This section is from the book "Practical Dietetics With Special Reference To Diet In Disease", by William Gilman Thompson. Also available from Amazon: Practical Dietetics with Special Reference to Diet in Disease.
1. All directions should be made specific, and in writing.
2. The patient's previous experience with the foods recommended should be investigated. Often a supposed difficulty in digestion is due to errors in cooking or in the combination with other foods.
3. The patient should understand that no one food is curative, and in recommending any dietary, however limited, regard should be had, as far as possible, to the patient's taste and to stimulation of the appetite by acceptable flavours.
4. In some cases it is preferable to have the patient submit his own diet list for correction.
5. In some cases it is the quantity of a food which requires reduction rather than its total proscription.
6. The relation of proper intervals of rest, exercise, and work to meals should be as definitely prescribed for those who are not bedridden as the diet.
7. The daily quantity of fluid ingested may be as important a consideration as the regulation of food.
8. It is undesirable to prescribe any strict dietary for too long a period, or for an indefinite period, otherwise failure of appetite, inanition, anaemia, and weakness may ensue. If a strict diet is beneficial, it will become so within a few days, or, at the most, within from three to six weeks. The question of its continuance or modification should then be reviewed, for in some cases positive harm may result without such revision.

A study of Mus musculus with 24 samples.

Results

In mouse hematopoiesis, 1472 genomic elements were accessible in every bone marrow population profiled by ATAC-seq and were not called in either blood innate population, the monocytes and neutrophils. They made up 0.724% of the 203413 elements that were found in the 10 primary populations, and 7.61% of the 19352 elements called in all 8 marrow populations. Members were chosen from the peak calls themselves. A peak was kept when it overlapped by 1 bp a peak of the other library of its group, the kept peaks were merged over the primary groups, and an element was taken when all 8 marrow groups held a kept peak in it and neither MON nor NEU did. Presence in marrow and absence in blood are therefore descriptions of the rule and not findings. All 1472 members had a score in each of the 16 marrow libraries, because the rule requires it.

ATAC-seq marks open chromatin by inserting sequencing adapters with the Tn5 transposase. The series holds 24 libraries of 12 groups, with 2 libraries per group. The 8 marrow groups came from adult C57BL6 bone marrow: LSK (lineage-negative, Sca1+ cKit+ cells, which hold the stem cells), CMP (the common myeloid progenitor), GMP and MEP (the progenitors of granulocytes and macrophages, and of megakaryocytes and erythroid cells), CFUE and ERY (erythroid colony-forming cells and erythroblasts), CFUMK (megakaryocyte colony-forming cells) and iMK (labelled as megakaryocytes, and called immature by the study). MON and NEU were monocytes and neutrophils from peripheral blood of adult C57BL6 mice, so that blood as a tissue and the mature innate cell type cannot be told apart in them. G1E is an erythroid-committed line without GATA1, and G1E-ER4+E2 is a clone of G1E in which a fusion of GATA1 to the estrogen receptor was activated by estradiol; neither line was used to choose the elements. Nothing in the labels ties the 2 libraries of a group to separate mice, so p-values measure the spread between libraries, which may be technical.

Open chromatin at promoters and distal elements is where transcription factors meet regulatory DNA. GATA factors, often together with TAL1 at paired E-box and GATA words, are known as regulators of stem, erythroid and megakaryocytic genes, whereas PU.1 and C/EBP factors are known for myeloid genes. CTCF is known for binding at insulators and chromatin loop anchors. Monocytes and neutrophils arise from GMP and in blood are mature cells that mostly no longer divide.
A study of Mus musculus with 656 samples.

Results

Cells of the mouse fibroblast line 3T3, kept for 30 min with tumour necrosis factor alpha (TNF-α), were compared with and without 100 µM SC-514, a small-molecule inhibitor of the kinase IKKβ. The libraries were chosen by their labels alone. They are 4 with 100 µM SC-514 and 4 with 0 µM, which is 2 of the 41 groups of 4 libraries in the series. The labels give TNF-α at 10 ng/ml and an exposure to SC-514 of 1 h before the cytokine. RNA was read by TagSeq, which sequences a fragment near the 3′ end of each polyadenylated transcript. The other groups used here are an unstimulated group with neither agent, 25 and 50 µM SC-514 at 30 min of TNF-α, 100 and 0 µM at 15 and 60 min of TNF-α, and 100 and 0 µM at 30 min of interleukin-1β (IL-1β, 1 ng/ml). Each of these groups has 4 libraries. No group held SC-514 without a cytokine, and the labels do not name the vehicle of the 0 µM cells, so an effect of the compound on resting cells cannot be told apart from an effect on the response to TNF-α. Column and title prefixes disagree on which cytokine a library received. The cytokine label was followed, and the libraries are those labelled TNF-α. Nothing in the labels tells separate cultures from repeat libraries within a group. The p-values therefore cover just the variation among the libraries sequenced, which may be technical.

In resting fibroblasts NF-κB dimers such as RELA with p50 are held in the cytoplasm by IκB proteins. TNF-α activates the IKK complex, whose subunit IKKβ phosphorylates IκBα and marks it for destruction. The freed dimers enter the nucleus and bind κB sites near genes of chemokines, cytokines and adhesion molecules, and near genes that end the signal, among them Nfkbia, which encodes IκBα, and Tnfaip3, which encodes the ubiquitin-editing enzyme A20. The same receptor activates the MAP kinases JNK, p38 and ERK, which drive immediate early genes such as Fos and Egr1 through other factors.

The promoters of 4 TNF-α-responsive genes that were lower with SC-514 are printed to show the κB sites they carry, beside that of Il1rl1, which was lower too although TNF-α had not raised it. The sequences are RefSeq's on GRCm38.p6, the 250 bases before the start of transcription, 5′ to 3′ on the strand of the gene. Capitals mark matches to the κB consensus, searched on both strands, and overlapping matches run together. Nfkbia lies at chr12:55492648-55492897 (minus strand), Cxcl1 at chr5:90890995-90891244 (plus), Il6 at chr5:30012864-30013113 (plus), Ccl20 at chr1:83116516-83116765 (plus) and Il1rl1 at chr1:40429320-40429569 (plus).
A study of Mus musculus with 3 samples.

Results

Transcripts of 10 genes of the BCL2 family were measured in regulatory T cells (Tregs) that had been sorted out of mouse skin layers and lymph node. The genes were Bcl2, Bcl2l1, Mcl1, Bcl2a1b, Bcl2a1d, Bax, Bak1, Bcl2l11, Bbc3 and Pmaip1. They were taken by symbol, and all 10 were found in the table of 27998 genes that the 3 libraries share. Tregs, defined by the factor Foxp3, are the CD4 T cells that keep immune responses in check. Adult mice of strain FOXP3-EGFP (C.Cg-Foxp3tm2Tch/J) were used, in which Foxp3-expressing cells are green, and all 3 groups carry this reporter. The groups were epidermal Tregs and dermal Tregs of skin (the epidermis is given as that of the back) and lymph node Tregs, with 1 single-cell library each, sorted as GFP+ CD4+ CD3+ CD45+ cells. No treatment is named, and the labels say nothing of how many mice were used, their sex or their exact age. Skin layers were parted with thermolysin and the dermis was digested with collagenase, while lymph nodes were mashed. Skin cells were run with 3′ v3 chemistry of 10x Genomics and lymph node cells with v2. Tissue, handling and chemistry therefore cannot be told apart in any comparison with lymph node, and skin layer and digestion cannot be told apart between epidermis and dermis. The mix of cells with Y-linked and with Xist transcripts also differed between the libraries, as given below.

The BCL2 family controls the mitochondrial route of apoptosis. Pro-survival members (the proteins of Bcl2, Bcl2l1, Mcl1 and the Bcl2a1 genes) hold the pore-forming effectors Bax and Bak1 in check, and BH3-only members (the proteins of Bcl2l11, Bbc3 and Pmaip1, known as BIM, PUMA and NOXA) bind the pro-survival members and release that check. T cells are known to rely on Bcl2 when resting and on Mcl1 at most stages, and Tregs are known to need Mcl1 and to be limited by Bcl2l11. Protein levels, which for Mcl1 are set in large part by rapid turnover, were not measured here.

9. In some few cases radical changes in diet should be made gradually at the outset, but in the majority of cases immediate change does no harm, and produces more prompt results. On the other hand, a return to the normal diet should be made by slow gradation.
10. It is most undesirable to base any dietary upon too rigid formulae or preconceived " systems." Normal idiosyncrasies in regard to digestion and assimilation are numerous, but morbid idiosyncrasies in disease are far more so; hence, each important case should be made the subject of independent study and frequent careful observation of the excreta should be made.
11. In cases requiring protracted dieting the use of the scales in determining the body weight is most important.